Backyard Buddies
Carnaby's Black-cockatoo

Photo: Carnaby's Black-Cockatoo (c) Cherilyn Corker 2016 birdlifephotography.org.au

Carnaby's Black-cockatoo


Carnaby’s Black-Cockatoo is classified as Endangered. This may surprise some people, as the species occurs over quite a wide area of south-western Western Australia, where they are often rather conspicuous, sometimes congregating into large flocks. They are even considered pests by some farmers when they descend onto crops of almonds and similar foods. However, their population has declined greatly in recent decades, due mostly to the loss and fragmentation of their preferred habitats, and they need the support of conservation programs to ensure their survival.

Carnaby’s cockatoo is endemic to the south-west of WA, ranging from the Kalbarri in the north to Esperance in the south-east, and inland to Coorow, Kellerberrin and Lake Cronin. They are most common in semi-arid parts of the south-west. It is estimated that the species’ range has been reduced by approximately 50% and is continuing to decline due to widespread vegetation clearing since the 1970s. The population is estimated at 10,000-60,000 breeding individuals.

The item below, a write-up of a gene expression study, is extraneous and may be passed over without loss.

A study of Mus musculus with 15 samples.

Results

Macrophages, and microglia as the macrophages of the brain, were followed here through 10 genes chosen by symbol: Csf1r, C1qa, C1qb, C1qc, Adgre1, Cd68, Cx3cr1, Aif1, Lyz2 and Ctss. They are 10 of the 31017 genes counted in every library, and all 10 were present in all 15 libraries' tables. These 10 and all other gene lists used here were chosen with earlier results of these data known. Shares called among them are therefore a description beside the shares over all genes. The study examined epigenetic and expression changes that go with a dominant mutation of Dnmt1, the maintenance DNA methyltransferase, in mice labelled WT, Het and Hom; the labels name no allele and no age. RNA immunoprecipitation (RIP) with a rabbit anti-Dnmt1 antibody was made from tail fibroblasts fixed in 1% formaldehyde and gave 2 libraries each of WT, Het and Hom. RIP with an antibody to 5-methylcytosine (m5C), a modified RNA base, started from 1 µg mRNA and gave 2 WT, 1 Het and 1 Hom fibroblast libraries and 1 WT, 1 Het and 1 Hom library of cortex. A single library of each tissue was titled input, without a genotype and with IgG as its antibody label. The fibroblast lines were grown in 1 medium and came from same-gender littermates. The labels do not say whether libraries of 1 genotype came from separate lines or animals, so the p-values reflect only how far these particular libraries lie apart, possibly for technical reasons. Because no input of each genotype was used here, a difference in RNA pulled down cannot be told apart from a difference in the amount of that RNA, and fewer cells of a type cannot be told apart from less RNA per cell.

Carnaby’s cockatoos are a very long-lived species with the oldest known adult in the wild surviving approximately 34 years. They are a gregarious species, living in small to large flocks (up to 5,000 individuals) in the winter, non-breeding season. They have large roost sites generally situated within 6km of potential feeding sites, and smaller roost sites for when foraging distances are too large.
 
Carnaby’s feed on a wide range of proteaceous and myrtaceous species, as well as opportunistically foraging in fruit and nut orchards. Carnaby’s cockatoo occur in uncleared and remnant areas of woodland, shrubland and kwongan heath dominated by proteaceous species. They breed in the semiarid and subhumid interior eucalypt woodlands, principally dominated by Salmon Gum Eucalyptus salmonophloia or Wandoo Eucalyptus wandoo. The Avon Wheatbelt bioregion is an important breeding area for the species. After breeding, flocks tend to migrate coastward in search of food, with the Swan Coastal Plain recognised as an important foraging area.